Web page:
Contemporary Turkish directors such as Nuri Bilge Ceylan, Fatih Akın, or Emin Alper have successfully put Turkey on the cinematic map in terms of international recognition. Many of the best films made in Turkey are from these master directors but also from lesser known (but equally talented) directors. On the other hand Turkey has been stage to many international movies including the French ones.
Here is a selection of French movies set in Turkey with various scenes, stories, musics and the expressions of spirit of the land that reflect different French lenses: Tintin in Istanbul, Djam, The Empire of Wolves, Who Killed Lady Winsley? and Sibel.
Tintin and the Golden Fleece (or Tintin in Istanbul);
With super high quality Istanbul scenes and rich coverage of the locations and angles of old Istanbul, Tintin et le Mystère de La Toison d’or is probably the first French movie worth to mention. The film first released in France on 6 December 1961, widely known as Tintin à Istanbul. Featuring characters from The Adventures of Tintin comic book series written and drawn by the Belgian writer-artist Hergé, it was a live-action film with actors made-up to look like the characters and featured an original storyline not based on any of the books. The film is probably the most known piece of the director Jean-Jacques Vierne.
The film is set in Turkey and Greece with the main characters of Tintin and Captain Haddock searching for treasure after inheriting a ship called the Golden Fleece. The Istanbul scenes reminds the audience many of the lost traditions of the city: Scenes with horse-drawn cart water carriers of the early 1960’s or the working class cafeterias around the Golden Horn (Haliç) region of the city worth the watch more than a few times.
French director Tony Gatlif is internationally well known for his documentary-like movies like Latcho Drom (1993) and Gadjo Dilo (1997). His latest (2017) piece Djam set in Greece and Turkey just like Tintin a Istanbul. Typical to the Gatlifs filmography this latest work is also about unsettledness, music and love.
Turkey scenes mainly shot in and around the historical parts of Istanbul, Beyazıt, Karaköy, and Kumkapı. Djam, a young Greek woman, is sent to Istanbul by her uncle to find the rare piece that will repair their boat. There she meets Avril, a nineteen-year-old French woman, alone and without money, who has come to Turkey to volunteer with refugees. Jam, generous, insolent, unpredictable and free then takes her under his wing on the way to Mytilene. A journey of encounters, music, sharing, hope and lively Istanbul scenes.
The Empire of Wolves (L’Empire des loups);
One of the “Jean Reno movies”, The Empire of Wolves is a French detective directed by Chris Nahon in 2004 and released in 2005. The movie mainly set in Paris however number of scenes set in Turkey makes this movie to put in the list.
In the 10th district of Paris, Paul Nerteaux, a fierce police captain, is entrusted with an investigation into the deaths of three women of Turkish origin, who worked in sweatshops and whose bodies were found mutilated. To help him infiltrate the Turkish population of the neighborhood, Nerteaux has no alternative but to appeal to Jean-Louis Schiffer (Jean Reno), one of his former colleagues known for his reputation as a relentless cop. A series of events escalates into a confrontation with the Turkish mafia and to the Turkey-linked events which moves the story into number of scenes shot in Cappadocia and İstanbul.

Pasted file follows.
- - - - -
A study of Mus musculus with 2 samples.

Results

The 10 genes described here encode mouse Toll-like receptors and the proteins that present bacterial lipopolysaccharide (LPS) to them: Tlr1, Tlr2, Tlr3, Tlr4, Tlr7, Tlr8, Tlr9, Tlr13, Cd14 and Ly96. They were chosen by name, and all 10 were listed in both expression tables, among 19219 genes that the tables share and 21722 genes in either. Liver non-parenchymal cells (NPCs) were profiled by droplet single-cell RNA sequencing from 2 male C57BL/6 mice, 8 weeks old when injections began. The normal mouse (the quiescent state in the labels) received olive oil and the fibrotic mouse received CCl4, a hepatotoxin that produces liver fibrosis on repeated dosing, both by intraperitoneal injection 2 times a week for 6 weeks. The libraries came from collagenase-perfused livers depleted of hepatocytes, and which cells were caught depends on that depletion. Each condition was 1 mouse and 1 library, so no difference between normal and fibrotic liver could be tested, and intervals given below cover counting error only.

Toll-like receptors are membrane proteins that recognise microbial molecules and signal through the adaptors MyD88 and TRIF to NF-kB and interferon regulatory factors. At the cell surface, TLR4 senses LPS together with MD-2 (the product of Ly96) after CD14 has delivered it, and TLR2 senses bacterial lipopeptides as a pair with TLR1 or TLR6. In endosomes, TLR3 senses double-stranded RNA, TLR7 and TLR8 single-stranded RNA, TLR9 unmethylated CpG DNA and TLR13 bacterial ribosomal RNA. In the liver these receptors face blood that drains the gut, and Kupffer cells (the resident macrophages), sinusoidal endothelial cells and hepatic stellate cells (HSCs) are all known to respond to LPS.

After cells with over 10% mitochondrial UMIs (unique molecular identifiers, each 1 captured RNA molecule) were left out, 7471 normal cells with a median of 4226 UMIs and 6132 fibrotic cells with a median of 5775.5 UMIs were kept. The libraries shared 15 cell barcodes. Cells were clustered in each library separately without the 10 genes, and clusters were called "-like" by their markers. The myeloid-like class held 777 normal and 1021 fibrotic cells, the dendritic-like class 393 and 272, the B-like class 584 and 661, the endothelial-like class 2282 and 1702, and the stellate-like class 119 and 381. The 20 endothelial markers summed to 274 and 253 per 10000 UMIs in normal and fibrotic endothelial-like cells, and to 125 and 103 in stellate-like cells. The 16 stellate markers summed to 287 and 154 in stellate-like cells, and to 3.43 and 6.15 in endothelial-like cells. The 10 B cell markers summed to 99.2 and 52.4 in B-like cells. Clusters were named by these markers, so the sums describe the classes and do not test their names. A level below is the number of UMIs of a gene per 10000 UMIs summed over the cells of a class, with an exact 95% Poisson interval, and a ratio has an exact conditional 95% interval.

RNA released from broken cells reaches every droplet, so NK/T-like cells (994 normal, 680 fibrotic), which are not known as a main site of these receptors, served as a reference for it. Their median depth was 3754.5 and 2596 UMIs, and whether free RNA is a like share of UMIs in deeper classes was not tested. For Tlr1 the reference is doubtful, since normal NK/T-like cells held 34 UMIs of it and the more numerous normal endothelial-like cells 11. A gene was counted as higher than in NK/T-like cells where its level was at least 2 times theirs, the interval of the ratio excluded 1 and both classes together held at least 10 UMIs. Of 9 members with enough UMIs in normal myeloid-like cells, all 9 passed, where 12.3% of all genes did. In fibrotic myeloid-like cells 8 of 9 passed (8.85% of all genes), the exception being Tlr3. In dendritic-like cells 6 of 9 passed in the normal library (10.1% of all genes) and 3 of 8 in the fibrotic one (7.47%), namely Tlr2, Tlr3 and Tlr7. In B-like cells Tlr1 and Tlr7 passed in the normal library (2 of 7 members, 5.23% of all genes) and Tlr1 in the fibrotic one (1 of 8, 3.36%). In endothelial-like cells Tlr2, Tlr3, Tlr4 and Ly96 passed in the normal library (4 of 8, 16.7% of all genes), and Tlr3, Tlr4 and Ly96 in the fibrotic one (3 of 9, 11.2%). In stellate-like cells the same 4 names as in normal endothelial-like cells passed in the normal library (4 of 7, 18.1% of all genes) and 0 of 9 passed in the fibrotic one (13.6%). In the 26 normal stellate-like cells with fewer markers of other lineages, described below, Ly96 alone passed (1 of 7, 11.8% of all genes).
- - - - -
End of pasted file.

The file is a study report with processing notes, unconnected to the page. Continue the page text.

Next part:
Who Killed Lady Winsley? (Qui a tué Lady Winsley?)
When Lady Winsley, the famous American novelist, is discovered dead on the remote Turkish island of Büyükada, the great detective Fergün is sent from Istanbul to solve the murder case. In the 2017-18 released Franco-Belgian movie the detective must confront stubborn members of the island community to untangle well-guarded family secrets and discover who the murderer is.
Hiner Saleem’s, the Franco – Kurdish director’s choice of locations and the season enriches the story and visual taste of this theatrical movie.
Latest French movie set in Turkey made a great success in Parisian circles. Sibel, the Franco-Turkish movie directed by Guillaume Giovanetti and Çağla Zencirci.
An amazing and extremely authentic story set in the Black Sea region of Turkey. 25-year-old Sibel lives with her father and sister in a secluded village in the mountainous area. Sibel is a mute, but she communicates by using the ancestral whistled language of the area. Rejected by her fellow villagers, she relentlessly hunts down a wolf that is said to be prowling in the neighbouring forest, sparking off fears and fantasies among the village women. There she crosses path with a fugitive. Injured, threatening and vulnerable, he is the first one to take a fresh look at her.
Beyond the enigmatic story of the Sibel, the movie worth to watch even only for the “bird language” and Black Sea forest scenes.